Making head and tail of it…
Dogs are grrrreat! Cats.. meh. But they’re good to draw. Here’s how the wolf tackled cranky Kevin, from ‘The Cat Wants Custard’.
** Warning – post contains many pictures of cats **
In late 2014, Scholastic emailed through some text for The Cat Wants Custard by P Crumble – would I like to illustrate it? With a heavy cold and propped up on my pillows with a cuppa, I giggled to myself as I skimmed the document. ‘The Cat Wants Custard’ looked fun and funny, and I’d always wanted to do a book with an animal – even a cat – as the main character, so I signed up as soon as I could.
But what kind of cat would Kevin – the star of the story – be? Once I was back on my feet and able to draw for a couple of minutes without coughing, I pinned some cool cats to the wall. I was looking for striking design, cranky expressions, and stylish poses.
Although fluffy cats are hilarious, the text demanded lots of body language – and it’s hard to get that across when the main character looks like a fuzzy cushion with a leg at each corner. Slinky cats would work better for me. I particularly liked Cliff Robert’s illustrations for Thomas by Mary Harris (top left in the previous pic).
The black looks great for Thomas and the illustration style is retro and quirky, but I felt a black cat would only work well in a book with just one or two colours, or where silhouettes are used in the compositions. And it seemed to me that ‘The Cat Wants Custard’ was a different type of book – more bright and silly (in a good way). I was also worried the range of expression and posture would be more limited if the cat was too dark or too light, or one flat colour.
So I looked up some cat breeds for inspiration…
… and used neighbours’ and friends’ cats for reference.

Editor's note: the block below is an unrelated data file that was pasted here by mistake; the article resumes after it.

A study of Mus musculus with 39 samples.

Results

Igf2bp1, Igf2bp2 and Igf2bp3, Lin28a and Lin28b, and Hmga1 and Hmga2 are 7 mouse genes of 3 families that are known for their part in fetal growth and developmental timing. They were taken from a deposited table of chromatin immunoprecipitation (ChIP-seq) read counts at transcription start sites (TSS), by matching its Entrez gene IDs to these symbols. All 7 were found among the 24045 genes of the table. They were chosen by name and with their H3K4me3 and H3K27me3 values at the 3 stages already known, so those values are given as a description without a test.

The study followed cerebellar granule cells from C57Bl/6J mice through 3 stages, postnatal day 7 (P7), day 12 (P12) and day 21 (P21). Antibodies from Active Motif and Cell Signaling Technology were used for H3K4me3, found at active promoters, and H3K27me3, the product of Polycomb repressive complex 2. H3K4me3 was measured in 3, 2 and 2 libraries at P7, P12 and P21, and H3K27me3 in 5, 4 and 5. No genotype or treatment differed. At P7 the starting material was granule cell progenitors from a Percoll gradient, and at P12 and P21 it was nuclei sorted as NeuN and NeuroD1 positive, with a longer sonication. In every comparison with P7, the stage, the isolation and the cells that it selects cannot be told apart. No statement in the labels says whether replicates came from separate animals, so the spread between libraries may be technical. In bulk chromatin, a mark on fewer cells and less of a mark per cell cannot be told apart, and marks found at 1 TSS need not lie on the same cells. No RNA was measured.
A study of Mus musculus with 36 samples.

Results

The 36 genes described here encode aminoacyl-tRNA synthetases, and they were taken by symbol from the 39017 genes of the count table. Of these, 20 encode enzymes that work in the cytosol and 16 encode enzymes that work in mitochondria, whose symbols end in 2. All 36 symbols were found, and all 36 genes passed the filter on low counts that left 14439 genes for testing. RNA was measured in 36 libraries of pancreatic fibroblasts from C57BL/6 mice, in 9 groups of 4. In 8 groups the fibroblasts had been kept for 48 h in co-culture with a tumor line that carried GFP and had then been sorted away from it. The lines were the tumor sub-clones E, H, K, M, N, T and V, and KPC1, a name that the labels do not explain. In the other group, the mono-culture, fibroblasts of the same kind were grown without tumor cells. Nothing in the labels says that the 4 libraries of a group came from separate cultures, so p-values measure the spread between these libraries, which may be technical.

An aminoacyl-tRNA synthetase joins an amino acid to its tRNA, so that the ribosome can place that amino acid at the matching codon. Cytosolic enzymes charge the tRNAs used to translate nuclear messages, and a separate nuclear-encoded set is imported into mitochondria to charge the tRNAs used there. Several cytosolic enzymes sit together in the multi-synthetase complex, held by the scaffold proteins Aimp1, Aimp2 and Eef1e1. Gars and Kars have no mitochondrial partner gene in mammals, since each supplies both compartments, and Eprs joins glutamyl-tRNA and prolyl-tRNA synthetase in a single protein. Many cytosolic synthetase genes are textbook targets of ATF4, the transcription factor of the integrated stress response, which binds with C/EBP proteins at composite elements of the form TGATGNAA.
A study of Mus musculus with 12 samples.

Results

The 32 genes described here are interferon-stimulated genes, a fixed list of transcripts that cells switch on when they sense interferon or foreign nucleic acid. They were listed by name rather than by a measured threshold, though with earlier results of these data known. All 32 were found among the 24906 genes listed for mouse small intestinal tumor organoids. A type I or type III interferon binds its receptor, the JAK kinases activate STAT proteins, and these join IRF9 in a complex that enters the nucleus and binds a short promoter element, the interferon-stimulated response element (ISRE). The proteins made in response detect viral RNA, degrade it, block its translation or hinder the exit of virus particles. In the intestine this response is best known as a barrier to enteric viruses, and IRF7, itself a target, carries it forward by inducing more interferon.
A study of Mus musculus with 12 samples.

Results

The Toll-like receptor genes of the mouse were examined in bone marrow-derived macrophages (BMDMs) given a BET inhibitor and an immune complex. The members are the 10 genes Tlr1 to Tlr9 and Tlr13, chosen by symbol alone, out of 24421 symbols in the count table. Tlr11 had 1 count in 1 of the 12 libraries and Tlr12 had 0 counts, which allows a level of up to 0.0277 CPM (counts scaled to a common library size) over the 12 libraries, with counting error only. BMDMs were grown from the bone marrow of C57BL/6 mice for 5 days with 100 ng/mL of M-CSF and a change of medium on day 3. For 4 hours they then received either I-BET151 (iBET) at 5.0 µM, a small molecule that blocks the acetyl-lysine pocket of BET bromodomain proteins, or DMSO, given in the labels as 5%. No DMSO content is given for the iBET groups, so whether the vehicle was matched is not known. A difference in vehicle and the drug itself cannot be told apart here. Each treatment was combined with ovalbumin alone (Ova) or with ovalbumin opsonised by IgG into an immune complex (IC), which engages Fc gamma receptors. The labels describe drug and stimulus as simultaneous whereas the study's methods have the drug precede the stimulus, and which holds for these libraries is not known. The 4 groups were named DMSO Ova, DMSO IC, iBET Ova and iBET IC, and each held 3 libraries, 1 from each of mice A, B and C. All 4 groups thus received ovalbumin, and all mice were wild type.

Bluey’s colour and expressions (she knows, she just KNOWS the wolf is not comfortable around cats, that’s why she’s on my chair), and Conrad’s haughty posture helped me come up with a character and look for Kevin. I decided he needed to be slinky but not skinny and blue-grey in colour, with a subtle pattern to make him more interesting in close-up.
I was also trying to puzzle out the structure of the book. The Cat Wants Custard was to be a slim 24-page (rather than the more common 32-page) paperback. But there seemed to be quite a bit of content.
Scholastic had mentioned Simon’s cat, and so I thought that they and the author were looking for something more like a comic – or at least split into frames like Mo Willems’s Don’t Let The Pigeon Drive the Bus.
My editor at Scholastic had already broken the text into spreads, so I worked with these and also split some pages into frames. Here are some early scribbles:
At this point I chose a retro, pastel pallette, inspired by 50’s cartoons.
Here are some early thumbnails from the first storyboard:
After I sent the thumbnails to Scholastic, they thought the pages were looking crowded and decided to go for a 32-page layout instead. This was a positive change, but demanded a bit of a re-think. I was also re-considering the palette, after discovering the illustrations of Abner Graboff, and marvelling at his use of bold composition and bright colour.
I thought strong blues and reds like above would work much better for the book. And, although there was now more room, I wanted to keep the backgrounds minimal and focus on the cat.
I, er, didn’t get round to telling the lovely folk at Scholastic that I’d completely changed the colour palette. I think they were a bit surprised. Fortunately they liked it, and the new layout, and so I went ahead with finals.
Although all the final drawings are digital, I used hand-painted textures for the backgrounds and for Kevin’s fur and collar. Here’s an example of a texture I used for ‘Kevin’s’ sofa (it’s paint and pastel on coloured paper):
And Kevin’s fur is a combination of paint texture, crayon texture, and digital ‘hairs’ all layered over each other:
Finally – hurrah! – Scholastic decided to go for a hardback first edition! This meant endpapers, so I came up with a couple of very loose concepts. This was the chosen one:
And the final endpaper illustration:
I also put together some cover ideas, but nothing was quite working layout-wise (note the slightly different name too – it takes a while to decide on these things…):
Fortunately, the designer at Scholastic put together a gorgeous, striking cover – bold and bright, well-balanced and with lovely typography for the title:
And The Cat Wants Custard has been going well! You can buy it at your local bookstore, or online here or here. (and here if you’re in the UK). If you’re into cats and/or Abner Graboff, have a look at this wonderful book, first published in 1963.